Skinhead Endures 25 Surgeries To Remove Hate Tattoos So He Could Get A Job
"You can leave your past behind, but you can't run from your own flesh."
These are the words of Bryon Widner, a reformed white supremacist who endured 25 horrendously painful operations over 16 months to remove the race-hate tattoos that covered his head and hands.
Widner joined the white supremacist movement when he was 14 to impress a skinhead family member. Over the years, he became increasingly notorious in the movement, well-known for his quick-to-fight nature, and the tattoos that multiplied over his body and face: HATE on his knuckles, "Blood & Honour" on his neck, "Thug Reich" on his belly, swastikas on his scalp, and a warrior rune on his forehead symbolizing his willingness to die for his race.
The man who had dedicated 16 years to hate fell in love in 2006. He left the movement, got married, had a baby, and renounced the racist ideologies of his past. He wanted to be family man, to support his wife, her children, and his new son. But the hate and violence branded all over his body made it nearly impossible to find a job.
He found some part-time work shoveling snow and a few odd repair jobs, but could hardly earn enough to make ends meet month-to-month, let alone save up the tens of thousands of dollars necessary to remove the tattoos from the visible parts of his body.
He considered burning his skin off with acid.
His wife, Julia, also a former white supremacist, was desperate. She contacted Daryle Lamont Jenkins, the black founder of One People's Project, which monitors alleged racist and far right groups, posting members' names and addresses on his website.
Jenkins put him in touch with The Southern Poverty Law Center (SPLC), which has successfully shut down white power groups and won large payouts for victims. When Widner called, the SPLC's chief investigator Joseph Roy told The Associated Press that "it was like the Osama Bin Laden of the movement calling in."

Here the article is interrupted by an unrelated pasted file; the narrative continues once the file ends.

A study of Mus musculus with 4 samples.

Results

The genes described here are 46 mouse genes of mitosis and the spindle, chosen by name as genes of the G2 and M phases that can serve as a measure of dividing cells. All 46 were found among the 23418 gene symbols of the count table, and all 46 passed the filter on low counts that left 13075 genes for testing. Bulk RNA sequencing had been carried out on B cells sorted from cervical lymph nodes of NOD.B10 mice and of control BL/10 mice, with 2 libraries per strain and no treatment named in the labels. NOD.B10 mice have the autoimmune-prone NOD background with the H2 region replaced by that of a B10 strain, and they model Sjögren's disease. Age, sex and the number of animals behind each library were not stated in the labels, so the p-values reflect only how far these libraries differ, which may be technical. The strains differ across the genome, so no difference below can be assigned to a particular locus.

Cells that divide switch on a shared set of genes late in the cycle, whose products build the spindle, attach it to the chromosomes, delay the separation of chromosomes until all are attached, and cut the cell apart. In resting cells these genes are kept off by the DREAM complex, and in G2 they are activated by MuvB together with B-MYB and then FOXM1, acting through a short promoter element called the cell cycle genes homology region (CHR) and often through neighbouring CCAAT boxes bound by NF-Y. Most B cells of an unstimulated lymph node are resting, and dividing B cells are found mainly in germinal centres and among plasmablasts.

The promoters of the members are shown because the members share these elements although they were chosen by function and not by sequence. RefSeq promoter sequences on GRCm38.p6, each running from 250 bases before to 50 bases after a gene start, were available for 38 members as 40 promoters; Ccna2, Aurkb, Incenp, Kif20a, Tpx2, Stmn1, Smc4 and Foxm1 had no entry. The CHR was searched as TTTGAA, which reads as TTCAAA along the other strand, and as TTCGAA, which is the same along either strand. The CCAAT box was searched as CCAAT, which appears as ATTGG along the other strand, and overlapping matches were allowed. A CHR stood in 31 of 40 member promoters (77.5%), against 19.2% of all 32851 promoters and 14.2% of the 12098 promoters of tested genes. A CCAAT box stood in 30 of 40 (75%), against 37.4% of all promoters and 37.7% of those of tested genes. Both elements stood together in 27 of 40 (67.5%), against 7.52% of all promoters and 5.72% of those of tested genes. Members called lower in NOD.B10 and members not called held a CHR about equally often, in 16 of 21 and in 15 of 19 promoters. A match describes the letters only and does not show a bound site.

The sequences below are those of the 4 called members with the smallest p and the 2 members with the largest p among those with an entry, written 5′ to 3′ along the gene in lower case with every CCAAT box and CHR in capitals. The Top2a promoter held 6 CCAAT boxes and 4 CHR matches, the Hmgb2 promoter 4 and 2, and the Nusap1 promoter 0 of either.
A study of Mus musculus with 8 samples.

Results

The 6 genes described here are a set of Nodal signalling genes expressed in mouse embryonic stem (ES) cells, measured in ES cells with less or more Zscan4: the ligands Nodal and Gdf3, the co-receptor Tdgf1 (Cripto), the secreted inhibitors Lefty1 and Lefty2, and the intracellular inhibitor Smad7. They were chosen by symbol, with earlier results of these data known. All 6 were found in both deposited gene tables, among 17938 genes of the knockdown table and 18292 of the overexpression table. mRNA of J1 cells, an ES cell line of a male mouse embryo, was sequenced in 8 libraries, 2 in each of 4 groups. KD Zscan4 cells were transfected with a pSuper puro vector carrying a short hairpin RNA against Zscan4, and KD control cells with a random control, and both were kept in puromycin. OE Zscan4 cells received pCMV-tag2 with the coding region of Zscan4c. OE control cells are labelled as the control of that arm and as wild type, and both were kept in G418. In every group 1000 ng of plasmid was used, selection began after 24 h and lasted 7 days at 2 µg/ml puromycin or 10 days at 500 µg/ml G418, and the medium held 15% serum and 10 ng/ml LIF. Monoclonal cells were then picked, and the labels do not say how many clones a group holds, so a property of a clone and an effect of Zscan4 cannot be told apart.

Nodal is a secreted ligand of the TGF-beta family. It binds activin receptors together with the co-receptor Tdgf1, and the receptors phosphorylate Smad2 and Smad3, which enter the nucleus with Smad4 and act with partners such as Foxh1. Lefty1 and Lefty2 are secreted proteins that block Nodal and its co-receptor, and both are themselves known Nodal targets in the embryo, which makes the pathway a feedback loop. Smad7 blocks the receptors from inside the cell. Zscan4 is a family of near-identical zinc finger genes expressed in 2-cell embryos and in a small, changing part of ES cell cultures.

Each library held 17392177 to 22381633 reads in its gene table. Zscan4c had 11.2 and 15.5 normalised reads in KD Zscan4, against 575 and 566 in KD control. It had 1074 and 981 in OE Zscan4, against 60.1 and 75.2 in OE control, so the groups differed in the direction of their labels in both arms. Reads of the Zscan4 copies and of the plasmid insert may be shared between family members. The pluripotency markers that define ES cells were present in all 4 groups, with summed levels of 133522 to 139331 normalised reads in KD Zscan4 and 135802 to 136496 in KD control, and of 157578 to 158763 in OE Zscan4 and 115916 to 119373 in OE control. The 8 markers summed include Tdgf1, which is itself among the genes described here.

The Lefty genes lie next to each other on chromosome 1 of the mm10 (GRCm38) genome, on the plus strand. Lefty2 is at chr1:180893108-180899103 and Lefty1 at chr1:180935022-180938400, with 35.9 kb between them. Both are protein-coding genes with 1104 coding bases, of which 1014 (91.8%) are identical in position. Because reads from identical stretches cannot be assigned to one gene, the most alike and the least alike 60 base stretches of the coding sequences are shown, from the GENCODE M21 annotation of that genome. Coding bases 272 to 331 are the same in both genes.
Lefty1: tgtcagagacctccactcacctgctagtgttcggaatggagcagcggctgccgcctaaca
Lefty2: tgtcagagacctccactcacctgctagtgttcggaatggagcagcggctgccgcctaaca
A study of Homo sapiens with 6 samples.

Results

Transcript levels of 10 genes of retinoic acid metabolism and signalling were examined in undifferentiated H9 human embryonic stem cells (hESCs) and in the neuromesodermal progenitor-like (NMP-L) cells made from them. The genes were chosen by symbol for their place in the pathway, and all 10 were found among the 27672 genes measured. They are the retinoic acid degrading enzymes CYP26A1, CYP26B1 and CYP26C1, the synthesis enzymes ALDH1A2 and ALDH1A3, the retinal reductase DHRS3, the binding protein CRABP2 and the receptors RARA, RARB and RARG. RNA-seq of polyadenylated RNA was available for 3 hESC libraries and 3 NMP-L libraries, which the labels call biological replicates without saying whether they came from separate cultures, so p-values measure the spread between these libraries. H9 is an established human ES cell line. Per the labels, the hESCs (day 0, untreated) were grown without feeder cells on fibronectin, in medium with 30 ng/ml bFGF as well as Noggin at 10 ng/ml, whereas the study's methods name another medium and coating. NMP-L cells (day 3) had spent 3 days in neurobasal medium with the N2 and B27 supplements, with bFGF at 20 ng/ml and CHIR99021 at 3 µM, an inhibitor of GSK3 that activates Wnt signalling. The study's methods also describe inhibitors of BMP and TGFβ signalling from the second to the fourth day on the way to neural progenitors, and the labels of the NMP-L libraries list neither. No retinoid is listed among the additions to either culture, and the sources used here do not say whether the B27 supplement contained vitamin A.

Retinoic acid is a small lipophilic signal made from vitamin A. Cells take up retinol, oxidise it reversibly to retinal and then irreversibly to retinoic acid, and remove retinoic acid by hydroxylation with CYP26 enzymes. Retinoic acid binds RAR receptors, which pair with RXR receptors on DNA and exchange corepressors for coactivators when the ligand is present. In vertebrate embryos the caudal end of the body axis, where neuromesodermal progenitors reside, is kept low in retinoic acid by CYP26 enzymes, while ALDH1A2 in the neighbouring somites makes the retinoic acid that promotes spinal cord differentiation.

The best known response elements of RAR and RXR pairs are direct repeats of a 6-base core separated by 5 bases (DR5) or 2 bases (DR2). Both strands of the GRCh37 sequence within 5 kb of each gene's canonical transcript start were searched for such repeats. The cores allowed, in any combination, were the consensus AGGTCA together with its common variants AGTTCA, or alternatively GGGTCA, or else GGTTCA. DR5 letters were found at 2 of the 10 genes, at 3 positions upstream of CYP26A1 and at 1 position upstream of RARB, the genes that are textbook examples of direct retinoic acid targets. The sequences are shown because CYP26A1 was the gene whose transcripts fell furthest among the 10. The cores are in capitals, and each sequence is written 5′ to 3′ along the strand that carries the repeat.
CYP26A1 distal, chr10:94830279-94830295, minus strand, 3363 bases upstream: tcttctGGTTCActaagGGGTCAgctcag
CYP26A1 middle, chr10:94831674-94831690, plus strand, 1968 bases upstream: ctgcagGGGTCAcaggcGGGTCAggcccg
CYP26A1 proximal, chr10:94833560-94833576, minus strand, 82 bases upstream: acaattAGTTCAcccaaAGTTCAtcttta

Widner joined the Outlaw Hammerskins in 2002, a network of regional skinhead gangs that dominated the American white supremacist movement in the late 1990s and early 2000s. As the Hammerskins' power waned, Widner co-founded the Hoosier State Skinheads and the Vinlander Social Club, groups that resembled a disorganized, ultra-violent criminal subculture rather than a revolutionary political movement, according to David Holthouse, a former investigative reporter for the SPLC.
Widner spent four years in jail on murder charges, but was never convicted.
"No one was more aggressive, more confrontational, more notorious," Roy told the AP.
"I got convinced that the Jews were at fault for all my woes. The black man has been keeping me down, this and that. When all in all it was because I was a screw-up," Widner told the AP. "I didn't hate anybody, I hated myself."
Roy flew out to meet the couple, and was greeted by Widner, with his ink-stained face clashing with a "World's Greatest Dad" sweatshirt. Roy became convinced of the couple's sincerity. Widner shared intelligence about the inside structures and rules of various skinhead gangs. Roy began searching for a donor to sponsor Widner's physical redemption.
In the meantime, white supremacist groups began harassing Widner's family, calling at 3 a.m. with death threats, dumping pig manure on their cars, and forcing the family on some nights to flee in fear to a hotel.
After a warning by the F.B.I., Widner and his family moved from Michigan to Tennessee. With the help of his father-in-law and a pastor, he was able to find some work.
Roy called. He had found a donor -- a woman so moved by his story that she was willing to pay the $35,000 for the removal, as long as Widner agreed to get counseling and go to college.
Dr. Bruce Shack, chairman of the Department of Plastic Surgery at Vanderbilt University Medical Center in Nashville, performed the operations. "This wasn't just a few tattoos," Shack told the Boston Globe, recalling the first time he met Widner. "This was an entire canvas."
The change of heart proved easier than the change in skin. The pain was horrific. The doctor told Widner it would be like the worst sunburn of his life. The skin swelled and blistered. "I told myself it was a penance," Widner told the AP. "I deserved it."
MSNBC filmed the operations and recovery. At a screening of the documentary, "Erasing Hate," in California, a black woman came up to Widner afterward, hugged him, and said "I forgive you."
The couple had to move soon after the film's screening; he was considered a race traitor, after all, to several large and heavily armed gangs. His wife pawned her wedding ring to buy groceries. But then Widner found some decent work in construction, and as a tattoo artist.
He got his GED, and both he and his wife plan to start classes soon at the local community college.
Widner hopes his story will discourage a kid or two from entering the world of white supremacy. As his surgeon put it: "Anyone who is prepared to put himself through this is bound to do something good with his life."